Traveling across your country and the globe is a wonderful experience, and there is no reason why your disability has to keep you or your family at home. The U.S. Department of Transportation states that it is "illegal for airlines to discriminate against passengers because of their disability," and most Western countries have similar legislation.
But there is no denying that every disabled person faces slightly different challenges relating to their circumstances, and the law does not reflect the reality that people and airlines will continue to make things difficult for the disabled whether out of ignorance or apathy.
But while every disabled person's needs are slightly different, there are certain tips to prepare and things to carry. Here are some useful tips to have a productive, fulfilling trip you can enjoy like everyone else.
Prepare, Prepare, Prepare
If you show up at an airport, hotel, or any service provider in a wheelchair and ask them to accommodate you right then and there, you are going to have a miserable experience. While service providers are obligated to take your needs into account, they will do the best job if they have a day or two in advance to prepare. This means you should contact them in advance.
Make sure to be clear and specific when describing your disability, instead of assuming that the service provider understands what certain medical terms mean or what they should do. Airlines and hotels will sometime send a designated person who can help escort you to wherever you need to go.
In addition to letting service providers know, you should also consult your doctor before taking a trip.
Sometimes, you may need a doctor's note to convince some obstinate worker that you really do require special accommodations. A doctor can also provide special medication to help you cope with long travel, and offer professional advice on how to enjoy your trip. Sometimes, they may caution against taking a trip and you should listen to their advice.
Consider a Travel Agent
Yes, travel agents still exist. In fact, there are specialized travel agents who specialize in arranging tours and accommodations for the disabled.
Using a travel agent makes more sense if you are newly disabled or have little experience with traveling abroad, as there are plenty of details when traveling that you may not consider which they are trained to handle. I would also strongly recommend one if you plan to travel to a country where disability accommodations may be more limited, such as Central America or an African savannah.
Don't worry about paying extra. Many travel agencies earn money not by charging you more, but by booking you with hotels and restaurants who want more business. And even if you do have to pay, it can be worth it to know that someone else is taking care of these difficult challenges.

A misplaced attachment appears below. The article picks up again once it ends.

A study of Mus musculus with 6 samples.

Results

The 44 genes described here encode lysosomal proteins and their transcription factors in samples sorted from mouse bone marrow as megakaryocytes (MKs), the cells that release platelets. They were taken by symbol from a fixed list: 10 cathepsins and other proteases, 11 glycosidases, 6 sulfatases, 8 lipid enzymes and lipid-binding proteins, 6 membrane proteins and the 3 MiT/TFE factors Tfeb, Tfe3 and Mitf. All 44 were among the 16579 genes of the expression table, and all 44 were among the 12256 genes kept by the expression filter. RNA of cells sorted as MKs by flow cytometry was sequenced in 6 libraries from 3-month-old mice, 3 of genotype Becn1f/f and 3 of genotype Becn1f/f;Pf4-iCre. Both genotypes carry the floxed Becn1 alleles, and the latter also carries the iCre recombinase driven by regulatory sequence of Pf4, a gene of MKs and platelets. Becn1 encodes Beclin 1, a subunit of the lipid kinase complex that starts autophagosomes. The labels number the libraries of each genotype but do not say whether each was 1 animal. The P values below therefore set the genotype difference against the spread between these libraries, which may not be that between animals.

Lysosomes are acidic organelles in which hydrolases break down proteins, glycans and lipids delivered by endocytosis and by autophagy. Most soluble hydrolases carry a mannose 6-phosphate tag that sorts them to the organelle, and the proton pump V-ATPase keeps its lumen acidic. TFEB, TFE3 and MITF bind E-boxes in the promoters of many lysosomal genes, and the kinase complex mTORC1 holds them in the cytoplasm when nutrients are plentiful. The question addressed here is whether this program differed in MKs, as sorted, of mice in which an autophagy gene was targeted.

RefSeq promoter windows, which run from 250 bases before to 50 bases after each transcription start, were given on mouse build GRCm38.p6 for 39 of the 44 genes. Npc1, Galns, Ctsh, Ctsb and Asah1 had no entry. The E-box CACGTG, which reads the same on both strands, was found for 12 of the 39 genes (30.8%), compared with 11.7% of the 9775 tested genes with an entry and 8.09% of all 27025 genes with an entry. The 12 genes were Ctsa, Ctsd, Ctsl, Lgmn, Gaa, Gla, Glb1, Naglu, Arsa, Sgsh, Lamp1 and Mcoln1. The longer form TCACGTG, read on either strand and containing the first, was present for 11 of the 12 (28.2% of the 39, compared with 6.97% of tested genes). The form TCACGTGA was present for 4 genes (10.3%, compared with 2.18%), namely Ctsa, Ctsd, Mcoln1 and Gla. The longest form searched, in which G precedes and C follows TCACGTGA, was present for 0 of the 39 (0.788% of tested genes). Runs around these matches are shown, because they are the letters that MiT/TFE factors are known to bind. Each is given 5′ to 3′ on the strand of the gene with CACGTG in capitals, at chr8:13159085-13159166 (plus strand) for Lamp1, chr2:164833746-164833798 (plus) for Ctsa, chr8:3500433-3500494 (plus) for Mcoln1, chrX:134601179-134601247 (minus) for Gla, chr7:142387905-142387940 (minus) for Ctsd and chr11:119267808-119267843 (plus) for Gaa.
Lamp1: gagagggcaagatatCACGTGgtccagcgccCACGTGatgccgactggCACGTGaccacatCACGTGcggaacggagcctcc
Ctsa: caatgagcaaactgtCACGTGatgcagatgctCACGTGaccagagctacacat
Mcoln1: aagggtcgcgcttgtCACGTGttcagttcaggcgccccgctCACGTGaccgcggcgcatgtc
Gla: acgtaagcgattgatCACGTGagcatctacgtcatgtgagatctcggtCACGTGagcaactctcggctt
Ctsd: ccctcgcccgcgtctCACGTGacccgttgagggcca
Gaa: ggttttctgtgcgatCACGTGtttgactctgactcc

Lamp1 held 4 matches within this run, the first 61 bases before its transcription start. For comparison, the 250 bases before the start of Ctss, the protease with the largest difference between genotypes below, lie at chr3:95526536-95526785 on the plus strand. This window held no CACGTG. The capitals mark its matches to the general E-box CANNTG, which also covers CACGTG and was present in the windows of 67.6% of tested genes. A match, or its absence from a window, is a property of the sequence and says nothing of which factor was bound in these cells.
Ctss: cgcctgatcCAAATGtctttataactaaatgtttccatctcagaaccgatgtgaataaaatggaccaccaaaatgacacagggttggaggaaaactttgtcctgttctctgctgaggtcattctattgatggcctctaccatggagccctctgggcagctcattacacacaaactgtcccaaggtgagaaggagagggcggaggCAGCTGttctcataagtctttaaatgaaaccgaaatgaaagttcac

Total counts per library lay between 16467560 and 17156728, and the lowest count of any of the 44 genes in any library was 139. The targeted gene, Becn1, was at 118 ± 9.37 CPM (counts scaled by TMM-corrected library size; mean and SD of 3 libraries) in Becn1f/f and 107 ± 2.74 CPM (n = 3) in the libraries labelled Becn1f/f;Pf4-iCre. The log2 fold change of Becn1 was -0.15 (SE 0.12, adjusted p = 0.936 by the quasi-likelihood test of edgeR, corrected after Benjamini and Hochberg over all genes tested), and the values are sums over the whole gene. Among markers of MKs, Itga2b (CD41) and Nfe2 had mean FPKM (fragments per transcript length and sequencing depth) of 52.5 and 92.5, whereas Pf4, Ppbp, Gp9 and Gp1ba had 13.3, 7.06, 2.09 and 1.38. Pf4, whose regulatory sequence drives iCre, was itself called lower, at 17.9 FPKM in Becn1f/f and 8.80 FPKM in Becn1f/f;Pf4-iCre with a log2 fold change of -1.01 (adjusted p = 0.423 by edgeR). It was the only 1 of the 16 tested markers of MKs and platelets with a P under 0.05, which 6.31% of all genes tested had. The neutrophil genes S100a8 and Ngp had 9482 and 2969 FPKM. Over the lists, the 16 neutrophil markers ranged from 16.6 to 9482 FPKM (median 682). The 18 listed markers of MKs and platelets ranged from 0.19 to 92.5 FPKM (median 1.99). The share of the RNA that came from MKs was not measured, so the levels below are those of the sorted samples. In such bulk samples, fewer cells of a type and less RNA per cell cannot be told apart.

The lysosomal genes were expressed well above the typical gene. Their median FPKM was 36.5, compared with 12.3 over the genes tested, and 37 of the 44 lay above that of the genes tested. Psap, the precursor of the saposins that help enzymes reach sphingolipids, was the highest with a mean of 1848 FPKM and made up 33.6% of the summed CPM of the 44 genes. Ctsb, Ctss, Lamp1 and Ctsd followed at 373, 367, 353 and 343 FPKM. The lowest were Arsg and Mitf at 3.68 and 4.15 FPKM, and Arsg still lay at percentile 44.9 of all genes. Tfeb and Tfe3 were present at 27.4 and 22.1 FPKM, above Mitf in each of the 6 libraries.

Know What to Bring
If you use mobility equipment to get around, there can be challenges bringing them around on a plane or traveling in general. Airlines are notorious for destroying wheelchairs on flights, and legislation went into effect last December which mandate airlines to report how many wheelchairs have been damaged or lost.
So what are some things you should bring besides a portable wheelchair? A few things which can help include:
- Spare parts and tools which you can use to make small repairs.
- A portable ramp so that you can access buildings which may not be wheelchair accessible otherwise.
- A small portable battery charger if you use a power wheelchair.
If you use a trained service animal, you must realize that there will be additional challenges. Unfortunately, the public today is more hostile to such animals thanks to nondisabled individuals falsely claiming that their animal is a service or emotional support animal.
If you are traveling with a service dog on a plane, you may be questioned about whether it is a true service dog. While a verbal assurance or a vest will generally be enough, you should carry medical documentation such as a letter from your doctor which states that you need the animal. You should also have a copy of the Air Carrier Access Act on service animals on your person or downloaded on your phone to remind providers that they are legally obligated to accommodate your animal.
In addition, you must consider how your animal will react to flying, especially if they have never done so before. Consider bringing a chew toy, treats, and a poop bag to both ensure your dog is less stressed and that you are ready to handle things if they have an accident.
A Great Vacation
Traveling while disabled is not always easy, and sometimes airlines and other venues will not do enough to accommodate your needs. But that does not mean traveling is impossible nor enjoyable. You may have to prepare more than the average traveler and discuss matters with your doctor, but nondisabled passengers should frankly be doing similar things before they travel anyways.
Times are better for the disabled than ever before, and real progress is being made so that we can live fruitful and enjoyable lives. So get your wheelchair ready and your service animal at your side, because there is a whole world to explore.